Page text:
Ayn neue Lid – When Yiddish was young

(6 musicians)

The alternation of periods of hostility with those of clemency on the part of the local population, princes and ecclesiastical institutions marked the existence of the Jews who lived in the German-speaking lands from medieval times throughout the Renaissance, and the 16th century was certainly no exception. This continuous cycle of conditioned acceptance, oppression, expulsion (and worse) would not be broken until the enlightenment. Still, despite adversity, there are clear signs of a flourishing cultural tradition, closely entwined with that of the surrounding populations. It was in this era that the seeds of “Yiddishkeit” were sown, of a poetical and musical tradition that has identified an entire people for hundreds of years.

During the 16th Century, favorable conditions in Italy attracted Jews from around Europe, while the relatively peaceful situation in Eastern Europe led to the first major Ashkenazy Diaspora, that would spread this German dialect written in Hebrew letters throughout Europe, so that books printed in Krakow, Amsterdam and Metz were sold in Prague and Lublin; and Yiddish literary works written in Venice became popular in Lithuania and the Ukraine.

Italy, a haven for Jewish intellectuals, would be a center for Yiddish composition and publishing: in fact, a surprising number of sources, especially from the first 75 or so years of the 16th century, come from Italy. This was a two-way cultural exchange, because at the same time Italian Jewish musicians, such as Abramo dell’Arpa, were in great demand at the German courts. The only known surviving Yiddish-Italian song from the Renaissance was copied in Venice, “Di’ Mensch Geglikhn,” (Man Compared.) It follows Man’s progress through the life cycle, comparing him to a different creature at every stage, from a king (all do his bidding) at birth, to a mouse (bald and slimy) at 100.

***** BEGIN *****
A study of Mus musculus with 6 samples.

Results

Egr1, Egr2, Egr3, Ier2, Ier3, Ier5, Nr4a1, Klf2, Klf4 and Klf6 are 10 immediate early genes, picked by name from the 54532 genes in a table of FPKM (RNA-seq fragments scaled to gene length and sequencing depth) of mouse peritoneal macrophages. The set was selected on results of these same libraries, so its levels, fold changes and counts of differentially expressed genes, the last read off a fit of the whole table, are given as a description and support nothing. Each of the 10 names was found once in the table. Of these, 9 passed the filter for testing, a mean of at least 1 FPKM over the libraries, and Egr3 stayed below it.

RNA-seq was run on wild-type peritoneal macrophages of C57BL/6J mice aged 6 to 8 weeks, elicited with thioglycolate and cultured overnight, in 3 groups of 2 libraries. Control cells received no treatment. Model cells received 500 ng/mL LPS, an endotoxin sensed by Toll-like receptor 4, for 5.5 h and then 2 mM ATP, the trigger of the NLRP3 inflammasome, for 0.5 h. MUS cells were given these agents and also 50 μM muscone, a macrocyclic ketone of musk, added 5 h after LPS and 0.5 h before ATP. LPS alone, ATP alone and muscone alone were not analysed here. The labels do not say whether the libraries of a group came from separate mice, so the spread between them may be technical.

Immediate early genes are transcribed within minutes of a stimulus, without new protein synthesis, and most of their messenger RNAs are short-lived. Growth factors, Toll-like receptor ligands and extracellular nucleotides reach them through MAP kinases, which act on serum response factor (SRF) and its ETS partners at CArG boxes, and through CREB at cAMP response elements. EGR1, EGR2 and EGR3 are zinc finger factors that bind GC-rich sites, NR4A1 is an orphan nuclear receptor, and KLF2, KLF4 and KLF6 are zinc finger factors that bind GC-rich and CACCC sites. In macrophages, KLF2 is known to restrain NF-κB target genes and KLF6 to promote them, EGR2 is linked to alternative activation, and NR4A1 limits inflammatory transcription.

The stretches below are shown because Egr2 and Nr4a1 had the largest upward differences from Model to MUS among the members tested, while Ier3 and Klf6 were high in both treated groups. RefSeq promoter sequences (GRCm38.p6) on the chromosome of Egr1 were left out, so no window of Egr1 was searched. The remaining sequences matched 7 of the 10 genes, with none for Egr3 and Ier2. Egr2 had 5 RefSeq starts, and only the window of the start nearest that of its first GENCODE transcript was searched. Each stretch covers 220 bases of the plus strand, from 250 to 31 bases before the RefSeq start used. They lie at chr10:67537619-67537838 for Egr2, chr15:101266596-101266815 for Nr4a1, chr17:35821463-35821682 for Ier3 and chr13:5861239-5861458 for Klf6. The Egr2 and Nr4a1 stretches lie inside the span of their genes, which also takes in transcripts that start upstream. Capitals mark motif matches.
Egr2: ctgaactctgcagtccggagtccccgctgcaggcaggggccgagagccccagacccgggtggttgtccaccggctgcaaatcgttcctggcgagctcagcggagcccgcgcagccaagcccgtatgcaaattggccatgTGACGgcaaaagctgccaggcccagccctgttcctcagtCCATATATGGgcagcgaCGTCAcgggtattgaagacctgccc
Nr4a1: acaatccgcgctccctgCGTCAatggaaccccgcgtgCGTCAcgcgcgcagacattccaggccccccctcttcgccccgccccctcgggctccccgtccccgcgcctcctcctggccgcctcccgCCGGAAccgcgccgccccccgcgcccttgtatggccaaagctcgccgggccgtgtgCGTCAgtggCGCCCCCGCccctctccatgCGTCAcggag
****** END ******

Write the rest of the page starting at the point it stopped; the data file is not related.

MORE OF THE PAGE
In the small South German towns where Church and Synagogue were sometimes separated only by a tavern, Jews and Christians probably used the same music for dancing and celebrations. Jewish musicians played for Christian weddings, as Jewish musicians played for gentile ones. Indeed, the many documents issued by civic and ecclesiastical authorities against intermingling during festive occasions, (especially dancing between Jews and Gentiles) prove just how common it was.

This is Yiddish at the beginning of the “fantastic voyage” that would bring it across Eastern Europe and back again. With its pithy humor, biting satire and contemplative moments, it is just as lively, earthy and touching as the Yiddish of yesterday and today.


Carla Nahadi Babelegoto, ENRICO FINK – voice

Avery Gosfield – recorder, pipe and tabor

Fabio Accurso – lute

Élodie Poirier – viola da gamba

Massimiliano Dragoni – percussion, hammer dulcimer.